Food trucks fight for rights in downtown Wilmington
WILMINGTON, NC (WWAY) — Food trucks and the city of Wilmington could soon work together like burgers and fries.
Food truck owners are pushing for regulation changes that would make it easier to consistently serve their tasty treats in downtown Wilmington.
The Wilmington planning commission met today to discuss changing some of the current regulations that put the squeeze on food trucks running a business downtown.
“People get used to you being in a certain location,” James Smith, owner of food truck, ‘Patty Wagon’ said. “You know your customers aren’t going to remember that you were here 44 days ago and tomorrow’s the day you’re coming back. You know it needs to be you know an every weekend kind of thing.”
Proposed changes would allow food truck owners like James Smith to apply for annual permits that would give them power to sell their food in downtown Wilmington.
This would also mean there would no longer be a 45-day waiting period.
“We want everyone to come together and agree on what’s best for the city, what’s best for downtown, and what’s best for the business owners,” Brian Chambers, Associate Planner for the Wilmington Planning Commission, said.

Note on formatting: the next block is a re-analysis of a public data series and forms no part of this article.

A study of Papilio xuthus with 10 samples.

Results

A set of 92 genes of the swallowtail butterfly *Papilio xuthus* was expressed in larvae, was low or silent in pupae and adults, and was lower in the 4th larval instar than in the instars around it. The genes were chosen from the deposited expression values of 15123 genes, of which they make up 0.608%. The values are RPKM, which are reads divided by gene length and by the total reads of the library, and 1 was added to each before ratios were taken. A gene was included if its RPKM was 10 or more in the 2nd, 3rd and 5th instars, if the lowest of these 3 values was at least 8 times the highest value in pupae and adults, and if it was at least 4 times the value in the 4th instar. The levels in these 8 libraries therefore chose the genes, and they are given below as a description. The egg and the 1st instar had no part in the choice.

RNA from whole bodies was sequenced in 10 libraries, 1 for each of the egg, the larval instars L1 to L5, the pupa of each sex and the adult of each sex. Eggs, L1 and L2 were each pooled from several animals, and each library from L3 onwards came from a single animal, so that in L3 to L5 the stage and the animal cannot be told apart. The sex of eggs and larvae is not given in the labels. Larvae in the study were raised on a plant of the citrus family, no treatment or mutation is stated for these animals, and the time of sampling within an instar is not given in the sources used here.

Chambers says they have been working with restaurant and food truck owners alike to come up with a solution that everyone can be happy with.
But the discussions didn’t start off peacefully.
“In the beginning, yes, I think it was an us versus them kind of thing, and since this, it’s kind of actually gotten to be more of an us working together to make downtown what we think it should be,” Smith said.
Those who enjoy the food truck’s delectable delights say they want to see more trucks travelling downtown, for more reasons than one.
“Not everybody wants pizza when they get done having fun, and going out and drinking, and having a grand old time,” customer Shannon Giegerich said. “I think it’s a wonderful thing to have downtown. That way, you know, I can stop and get a burger. That way we don’t have to drive anywhere, and risk other people’s lives.”
Giegerich says she hopes the proposed regulations go through soon.
“Food trucks are awesome! I say go with it,” she said.
The next step is a public hearing before the planning commission on July 10th. From there, the proposed changes move on to city council for approval in August.